A number of states and localities have made disclosure reform a priority, producing innovations worth emulating. These institutions, unrestricted by congressional gridlock, offer proving grounds for a variety of reforms.
New York City
The New York City Campaign Finance Board exemplifies the idea that disclosure reports can be made both accessible and comprehensive. The Board fully audits each candidate’s campaign finance data and posts the contributions to a searchable database. The city’s laws require groups making independent expenditures to reveal the names of their CEO and owners. Organizations making political expenditures must also list the owners, executive officers and board members of groups that donate more than $50,000. Crucially, any individual or group attempting to influence city voters is required to print their top three donors on advertisements or literature.
The notion that the laws cannot be enforced properly is misguided, as California proved by fining two dark money groups $1 million and forcing the committees that received the illegally undisclosed contributions to disgorge the combined $15 million to the state of California.
In 2014, Governor Jerry Brown signed into law an important measure that requires nonprofits that make political expenditures of more than $50,000 in a year, or $100,000 in four years, to release the names of donors who contributed more than $1,000. This targets some of the dark money groups discussed in the previous entry that use their “social welfare” designation to avoid disclosing contributions to political efforts.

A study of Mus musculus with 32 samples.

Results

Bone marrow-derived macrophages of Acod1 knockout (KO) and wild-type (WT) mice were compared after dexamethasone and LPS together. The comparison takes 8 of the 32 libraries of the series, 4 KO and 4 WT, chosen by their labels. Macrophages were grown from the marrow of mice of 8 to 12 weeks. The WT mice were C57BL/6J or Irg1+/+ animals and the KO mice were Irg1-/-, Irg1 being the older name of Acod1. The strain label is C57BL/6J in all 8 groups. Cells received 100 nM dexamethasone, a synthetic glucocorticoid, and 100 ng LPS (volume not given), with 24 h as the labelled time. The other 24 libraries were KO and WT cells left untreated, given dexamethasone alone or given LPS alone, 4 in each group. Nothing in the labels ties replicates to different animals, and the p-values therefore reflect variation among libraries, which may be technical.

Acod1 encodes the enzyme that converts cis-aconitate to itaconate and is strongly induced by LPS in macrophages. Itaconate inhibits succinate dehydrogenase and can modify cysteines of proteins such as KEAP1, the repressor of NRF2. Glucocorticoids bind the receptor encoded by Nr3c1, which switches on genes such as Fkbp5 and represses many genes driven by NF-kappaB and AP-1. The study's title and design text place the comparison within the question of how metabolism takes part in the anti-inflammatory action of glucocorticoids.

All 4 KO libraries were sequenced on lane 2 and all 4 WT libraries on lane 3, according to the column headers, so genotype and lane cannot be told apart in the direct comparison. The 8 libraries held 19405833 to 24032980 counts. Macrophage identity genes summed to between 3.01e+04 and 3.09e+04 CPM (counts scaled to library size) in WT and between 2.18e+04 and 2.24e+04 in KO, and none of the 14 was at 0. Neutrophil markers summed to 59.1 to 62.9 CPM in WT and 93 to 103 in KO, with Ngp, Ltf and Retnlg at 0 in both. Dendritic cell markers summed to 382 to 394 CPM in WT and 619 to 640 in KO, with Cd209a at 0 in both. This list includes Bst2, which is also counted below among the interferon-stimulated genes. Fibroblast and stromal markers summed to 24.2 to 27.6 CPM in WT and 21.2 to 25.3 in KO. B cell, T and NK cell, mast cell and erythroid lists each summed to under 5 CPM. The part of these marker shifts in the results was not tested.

Montana recently enacted the Montana Disclose Act, a bipartisan measure that requires all groups, regardless of tax-exemption status, to disclose donors and expenditures if they spend money to try to influence an election within 60 days of the vote. As Tarini Parti of Politico points out, this would force even 501(c)(4) organizations to disclose funding sources, which is important, as these groups have become conduits for independent “dark money” spending precisely because they do not have to disclose donors.
The movement for increased disclosure continues around the country, with the Philadelphia City Council passing new election rules, Illinois organizers pushing Governor Bruce Rauner to sign legislation that would increase independent expenditure disclosure requirements and the Alabama state legislature strengthening current disclosure rules.
The National Institute on Money in State Politics, which runs the indispensable Follow the Money contribution archive, maintains a collection of best practice reports on state disclosure reforms, including annual state disclosure requirement rankings. To follow state level bills, visit Sunlight Foundation’s Open States.
These efforts are vital. Without disclosure, campaign finance laws fall to pieces, and it is absolutely essential that we craft enforceable and consistent requirements at the local, state, and federal levels, as part of a wider push for campaign finance reform.